With automatic penalties for late PAYE filing due to come into force for small companies from 5 March - the first notices will arrive just over a month later - HMRC has alerted employers to new procedures and guidance for preventing penalties.
December’s Employer Bulletin 51 explained that filing penalties began on 6 October for employers with schemes of 50 or more employees. Employers who incurred penalties will start to receive quarterly penalty notices from the beginning of this month (February 2015).
The impact of automatic penalties will be lessened by amendments to legislation which mean final returns made from 6 March 2015 just have to reflect the final year to date figures for 2014-15, with a final full payment submission (FPS) or employment payment summary (EPS).
Employers can submit additional final returns to overwrite previous versions if they need to make amendments and in this situation automated penalties will be levied on returns made after 19 April.
Agents will not be sent copies of penalty notices, but they will include prominent messages telling recipients who use third party payroll agents to show them the notice immediately. The bulletin also sets out the process for appealing against automated penalties.
Even with these precautions, April’s crop of penalties is likely to dwarf the initial volumes seen by larger employers this month.
AccountingWEB has regularly featured news and posts about RTI reconciliation errors going back to the scheme’s pilot phase and as we have seen with generic alerts issued last year, data discrepancies between the records on HMRC’s computers are likely to trigger penalties - potentially in their thousands.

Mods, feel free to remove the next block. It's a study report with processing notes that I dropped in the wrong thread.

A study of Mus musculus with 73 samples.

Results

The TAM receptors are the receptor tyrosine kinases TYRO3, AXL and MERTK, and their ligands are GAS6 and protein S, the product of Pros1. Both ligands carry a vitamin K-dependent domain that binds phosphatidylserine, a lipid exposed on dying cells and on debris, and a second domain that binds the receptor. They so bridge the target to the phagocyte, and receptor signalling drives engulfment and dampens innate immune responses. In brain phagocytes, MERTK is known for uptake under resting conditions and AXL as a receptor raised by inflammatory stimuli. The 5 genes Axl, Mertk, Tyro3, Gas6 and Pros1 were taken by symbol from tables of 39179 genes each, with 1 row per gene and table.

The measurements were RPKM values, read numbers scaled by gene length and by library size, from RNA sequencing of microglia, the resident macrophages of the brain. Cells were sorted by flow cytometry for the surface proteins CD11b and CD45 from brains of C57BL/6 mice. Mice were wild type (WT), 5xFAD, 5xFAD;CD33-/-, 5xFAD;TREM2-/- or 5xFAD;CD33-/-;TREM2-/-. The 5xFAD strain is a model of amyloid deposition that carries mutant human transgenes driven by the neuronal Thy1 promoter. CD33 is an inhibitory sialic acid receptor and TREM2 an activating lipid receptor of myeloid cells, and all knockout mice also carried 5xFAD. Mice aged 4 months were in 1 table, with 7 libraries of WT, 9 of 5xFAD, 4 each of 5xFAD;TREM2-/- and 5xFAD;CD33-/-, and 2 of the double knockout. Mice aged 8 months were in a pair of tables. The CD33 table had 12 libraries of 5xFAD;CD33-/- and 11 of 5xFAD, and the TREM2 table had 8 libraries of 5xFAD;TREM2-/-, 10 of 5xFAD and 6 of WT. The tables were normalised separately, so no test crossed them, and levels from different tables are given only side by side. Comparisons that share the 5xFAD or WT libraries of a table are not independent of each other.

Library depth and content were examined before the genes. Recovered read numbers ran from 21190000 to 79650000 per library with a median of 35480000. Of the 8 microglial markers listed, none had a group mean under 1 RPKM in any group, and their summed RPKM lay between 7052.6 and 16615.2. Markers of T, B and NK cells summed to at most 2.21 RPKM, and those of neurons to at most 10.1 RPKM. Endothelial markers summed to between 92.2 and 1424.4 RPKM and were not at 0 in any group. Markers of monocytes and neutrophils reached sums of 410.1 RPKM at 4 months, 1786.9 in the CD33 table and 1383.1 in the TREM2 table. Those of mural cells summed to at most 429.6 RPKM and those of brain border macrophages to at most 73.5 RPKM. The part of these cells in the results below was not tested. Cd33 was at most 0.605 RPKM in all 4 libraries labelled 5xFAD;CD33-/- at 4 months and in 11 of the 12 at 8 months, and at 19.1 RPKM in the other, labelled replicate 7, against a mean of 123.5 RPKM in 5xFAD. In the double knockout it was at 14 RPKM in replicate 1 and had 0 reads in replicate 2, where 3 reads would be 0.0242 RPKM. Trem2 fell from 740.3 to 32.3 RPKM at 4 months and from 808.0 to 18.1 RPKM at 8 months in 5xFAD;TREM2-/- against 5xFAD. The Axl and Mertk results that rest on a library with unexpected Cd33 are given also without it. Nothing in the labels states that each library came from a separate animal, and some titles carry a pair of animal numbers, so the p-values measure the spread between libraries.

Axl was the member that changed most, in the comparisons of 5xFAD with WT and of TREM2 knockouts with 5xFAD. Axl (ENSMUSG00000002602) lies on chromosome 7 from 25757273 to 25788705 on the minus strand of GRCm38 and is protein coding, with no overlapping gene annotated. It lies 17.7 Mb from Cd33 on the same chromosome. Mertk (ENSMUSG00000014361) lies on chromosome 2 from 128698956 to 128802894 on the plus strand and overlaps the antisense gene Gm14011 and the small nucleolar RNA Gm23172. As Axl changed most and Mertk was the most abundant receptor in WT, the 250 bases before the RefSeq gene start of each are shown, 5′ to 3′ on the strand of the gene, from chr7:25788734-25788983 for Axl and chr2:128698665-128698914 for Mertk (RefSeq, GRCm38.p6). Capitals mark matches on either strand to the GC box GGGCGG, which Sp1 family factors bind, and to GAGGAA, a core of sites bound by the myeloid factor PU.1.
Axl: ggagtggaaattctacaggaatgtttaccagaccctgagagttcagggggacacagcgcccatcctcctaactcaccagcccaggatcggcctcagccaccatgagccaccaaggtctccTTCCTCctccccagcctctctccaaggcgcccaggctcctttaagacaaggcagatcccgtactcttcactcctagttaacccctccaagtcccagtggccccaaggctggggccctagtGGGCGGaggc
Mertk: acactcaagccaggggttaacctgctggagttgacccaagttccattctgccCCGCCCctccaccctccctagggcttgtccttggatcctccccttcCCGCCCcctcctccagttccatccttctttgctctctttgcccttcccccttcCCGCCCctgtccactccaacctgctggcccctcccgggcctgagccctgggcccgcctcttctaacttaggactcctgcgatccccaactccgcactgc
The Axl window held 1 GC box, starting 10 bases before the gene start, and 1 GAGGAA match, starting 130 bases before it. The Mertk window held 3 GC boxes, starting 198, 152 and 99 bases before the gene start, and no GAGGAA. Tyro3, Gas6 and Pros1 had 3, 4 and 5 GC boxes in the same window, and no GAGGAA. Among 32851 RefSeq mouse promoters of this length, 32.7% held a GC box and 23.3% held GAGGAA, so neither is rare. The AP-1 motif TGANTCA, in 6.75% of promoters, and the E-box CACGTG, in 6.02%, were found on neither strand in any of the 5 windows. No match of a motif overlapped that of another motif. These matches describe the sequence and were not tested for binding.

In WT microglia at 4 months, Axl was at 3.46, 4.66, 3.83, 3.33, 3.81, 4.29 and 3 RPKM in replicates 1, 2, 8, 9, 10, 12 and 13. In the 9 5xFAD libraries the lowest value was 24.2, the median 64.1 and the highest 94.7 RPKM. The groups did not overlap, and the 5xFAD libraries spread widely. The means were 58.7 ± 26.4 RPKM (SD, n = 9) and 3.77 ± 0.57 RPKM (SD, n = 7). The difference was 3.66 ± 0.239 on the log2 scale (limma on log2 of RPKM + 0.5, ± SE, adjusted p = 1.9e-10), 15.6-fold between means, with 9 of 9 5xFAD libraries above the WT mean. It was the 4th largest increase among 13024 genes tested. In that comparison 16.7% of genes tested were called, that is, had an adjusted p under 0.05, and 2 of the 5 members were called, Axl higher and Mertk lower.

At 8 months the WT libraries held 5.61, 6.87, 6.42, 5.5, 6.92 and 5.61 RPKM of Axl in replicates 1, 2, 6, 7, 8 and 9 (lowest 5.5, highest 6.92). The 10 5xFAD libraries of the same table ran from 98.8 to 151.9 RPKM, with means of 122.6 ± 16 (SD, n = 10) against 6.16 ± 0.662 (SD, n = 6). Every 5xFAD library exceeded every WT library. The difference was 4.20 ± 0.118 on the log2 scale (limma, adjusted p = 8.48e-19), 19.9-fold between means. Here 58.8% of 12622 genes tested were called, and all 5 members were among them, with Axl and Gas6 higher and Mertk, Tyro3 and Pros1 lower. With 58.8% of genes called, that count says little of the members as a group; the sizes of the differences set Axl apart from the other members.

In an interesting coda at the end of the Employer’s Bulletin regarding RTI “data quality”, HMRC and the DWP published 'best practice' advice advising that while it was not mandatory for most employers: “using the BACS hash process is good practice as it enables DWP and HMRC to check PAYE against payment data”.
In an oddly worded and ambiguous bullet point, the guide adds that it is best practice to “ensure year to date figures are correct; and use the BACS process appropriately”.
This suggestion has been floating in the background for the past year or two, but the public comment in the employment guide goes part of the way - subject to the qualifying adverb “appropriately” - to installing BACS as the preferred payment method to ensure a flow of clean data from HMRC to the pensions department.
ACCA head of tax Chas Roy-Chowdhury explained the significance of this statement. “They are recognising that they have data that’s not as clean as they need to work properly with universal credit,” he said.
“It’s going to be an ongoing problem. Because they went for real time data along with tax credits and universal credit, which are paid in arrears, there will always be inaccuracies as incremental data comes in. It’s a fundamental problem in the philosophy behind RTI.”
Roy-Chowdhury advised that using the BACS should be “good rather than best” as a one-size approach doesn’t really work for payroll.
Bacs payments specialist CreDec responded to the guidance with a press release explaining that the hashcode link has been built into the RTI system for years for the express purpose of matching the reported payment data with the actual sums paid.
“The importance of hashing is that it validates employer PAYE data by referencing the BACS payment network’s corresponding payment to that employee, helping DWP to eliminate errors (and fraud) in the benefits system,” CreDec explained.
“Hashing is directly connected with the operation of universal credit which starts an accelerated national roll out from February 2015.
“The use of the hash by employers gives the DWP direct visibility of the net payments each UC claimant has received from their employment, allowing the DWP to answer the claimant’s query as to why their UC payment has changed. In the absence of hashed data, DWP can only refer the employee query back to their employer to answer: DWP has no visibility of an employees’ net earnings payments without hashing.”